Behind Happy Faces

Kirsten Wessel, Contributing Writer

On Oct. 7, the Counseling & Student Development Center in partnership with Athletics and Active Minds brought award-winning speaker, author, and Peace Corps Volunteer Ross Szabo to speak to students about the stigmas and realities surrounding mental health.

Szabo informed students of his youth and history with mental health disorders in an open, relatable, and brutally honest fashion. After years of experiencing difficulty sleeping, often going without for three to five days, his mood rapidly changed from feelings of invincibility to those of complete anger or depression. At the age of 16, Szebo was diagnosed with bipolar disorder and later with anger control issues. A year later, he was hospitalized after attempting to take his own life.

In college, Szabo would drink excessively in an attempt to overcome his extreme social anxiety and fear of meeting new people. Outwardly, he was perceived as a happy and fun person to be around, yet behind closed doors, he was anything but that. At the age of 22, after being in and out of college with varied bouts of mania and depression, Szabo finally accepted his problem and began actively trying to help himself by finding appropriate coping measures that worked for him.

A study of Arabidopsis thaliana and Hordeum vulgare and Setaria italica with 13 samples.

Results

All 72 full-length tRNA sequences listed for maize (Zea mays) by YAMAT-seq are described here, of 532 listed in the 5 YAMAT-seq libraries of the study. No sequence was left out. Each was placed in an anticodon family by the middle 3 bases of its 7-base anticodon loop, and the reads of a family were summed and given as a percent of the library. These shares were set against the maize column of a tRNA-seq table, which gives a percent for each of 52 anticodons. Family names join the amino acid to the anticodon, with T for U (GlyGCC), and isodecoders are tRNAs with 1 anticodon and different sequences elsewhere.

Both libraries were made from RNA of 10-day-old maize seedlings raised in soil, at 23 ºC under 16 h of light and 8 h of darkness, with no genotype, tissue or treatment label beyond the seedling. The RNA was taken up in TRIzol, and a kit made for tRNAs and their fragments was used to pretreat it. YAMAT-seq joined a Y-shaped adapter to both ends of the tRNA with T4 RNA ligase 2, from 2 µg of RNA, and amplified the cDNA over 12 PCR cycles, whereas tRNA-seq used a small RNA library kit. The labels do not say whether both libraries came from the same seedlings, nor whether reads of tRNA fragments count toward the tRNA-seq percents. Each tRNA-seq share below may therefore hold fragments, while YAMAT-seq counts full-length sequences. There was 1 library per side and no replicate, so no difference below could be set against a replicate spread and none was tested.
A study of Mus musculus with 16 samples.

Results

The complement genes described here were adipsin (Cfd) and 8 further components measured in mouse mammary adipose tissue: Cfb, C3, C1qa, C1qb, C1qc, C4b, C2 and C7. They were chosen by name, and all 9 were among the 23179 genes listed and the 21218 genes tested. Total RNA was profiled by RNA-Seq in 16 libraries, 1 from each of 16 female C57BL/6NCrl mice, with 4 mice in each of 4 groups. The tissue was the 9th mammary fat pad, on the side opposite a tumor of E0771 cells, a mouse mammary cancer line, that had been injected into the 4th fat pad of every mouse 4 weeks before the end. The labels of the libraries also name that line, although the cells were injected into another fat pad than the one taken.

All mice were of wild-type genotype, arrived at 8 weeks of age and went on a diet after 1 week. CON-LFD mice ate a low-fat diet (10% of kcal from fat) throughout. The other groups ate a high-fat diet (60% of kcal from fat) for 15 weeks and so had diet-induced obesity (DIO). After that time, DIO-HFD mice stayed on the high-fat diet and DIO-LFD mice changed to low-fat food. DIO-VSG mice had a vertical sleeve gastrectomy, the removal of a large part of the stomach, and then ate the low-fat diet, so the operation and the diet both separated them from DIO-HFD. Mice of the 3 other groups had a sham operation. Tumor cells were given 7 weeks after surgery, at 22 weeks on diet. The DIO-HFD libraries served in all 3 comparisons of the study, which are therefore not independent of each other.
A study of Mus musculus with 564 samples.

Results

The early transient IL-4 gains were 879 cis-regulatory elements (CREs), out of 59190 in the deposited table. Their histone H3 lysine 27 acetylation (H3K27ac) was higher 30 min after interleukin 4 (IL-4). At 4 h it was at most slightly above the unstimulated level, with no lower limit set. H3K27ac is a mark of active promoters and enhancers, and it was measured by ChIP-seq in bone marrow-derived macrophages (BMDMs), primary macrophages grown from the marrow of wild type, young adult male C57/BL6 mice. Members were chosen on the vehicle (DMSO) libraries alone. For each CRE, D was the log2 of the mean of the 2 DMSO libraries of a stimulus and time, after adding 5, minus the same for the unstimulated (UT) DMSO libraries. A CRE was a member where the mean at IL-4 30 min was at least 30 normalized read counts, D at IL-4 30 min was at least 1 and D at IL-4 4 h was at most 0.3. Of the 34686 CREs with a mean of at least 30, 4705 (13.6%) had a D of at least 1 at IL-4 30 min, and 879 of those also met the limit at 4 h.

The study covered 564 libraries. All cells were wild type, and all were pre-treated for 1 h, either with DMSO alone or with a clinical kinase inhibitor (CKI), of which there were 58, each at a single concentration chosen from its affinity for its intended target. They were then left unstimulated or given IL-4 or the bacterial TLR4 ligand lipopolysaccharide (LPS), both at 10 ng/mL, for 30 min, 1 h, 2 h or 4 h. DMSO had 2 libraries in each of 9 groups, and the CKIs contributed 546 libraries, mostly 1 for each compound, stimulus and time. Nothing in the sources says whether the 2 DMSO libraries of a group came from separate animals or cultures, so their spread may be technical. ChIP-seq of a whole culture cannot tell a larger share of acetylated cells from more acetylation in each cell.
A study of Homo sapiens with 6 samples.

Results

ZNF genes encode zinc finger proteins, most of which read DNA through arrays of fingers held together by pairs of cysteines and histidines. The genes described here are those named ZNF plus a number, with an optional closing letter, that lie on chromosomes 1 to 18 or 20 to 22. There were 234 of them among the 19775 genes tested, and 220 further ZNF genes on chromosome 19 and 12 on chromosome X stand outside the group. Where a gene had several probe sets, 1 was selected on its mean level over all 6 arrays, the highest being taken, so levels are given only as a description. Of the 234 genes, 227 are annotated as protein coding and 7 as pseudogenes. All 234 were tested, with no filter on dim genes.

Szabo encouraged students to seek help when struggling with any type of mental health issue, emphasizing how common they are among young students. 25 percent of college students suffer from mental health issues each year. It is the second leading cause of death on college campuses, partly because mental health is highly stigmatized and greatly misunderstood. Out of fear of judgment, lack of trust in their peers, and feelings of self-consciousness, students rarely seek the help they need.

“The most important thing that [a student] can do is to talk to someone and I think it has to be a professional. The analogy I always use is if you thought your foot was broken, you would go find out, you wouldn’t just limp around,” Szabo said. “When it’s emotional, you may not know how to deal with it, and there are people that can help walk you through that. A counseling center is a great place to start.”

“It was interesting to hear Ross Szabo speak about mental health. It’s not a subject that we discuss often, but its prevalence on our campus is obvious. The example I enjoyed the most was the battle of stress that I unfortunately participate in every day. It was a reality check that I needed to hear,” Ryan Frazier ’16 said.

All too often, university students privately suffer from a mental health disorder while hiding “Behind Happy Faces.” If you or someone you know is suffering from any kind of mental health issue, please contact the Counseling & Student Development Center at (570) 577-1604.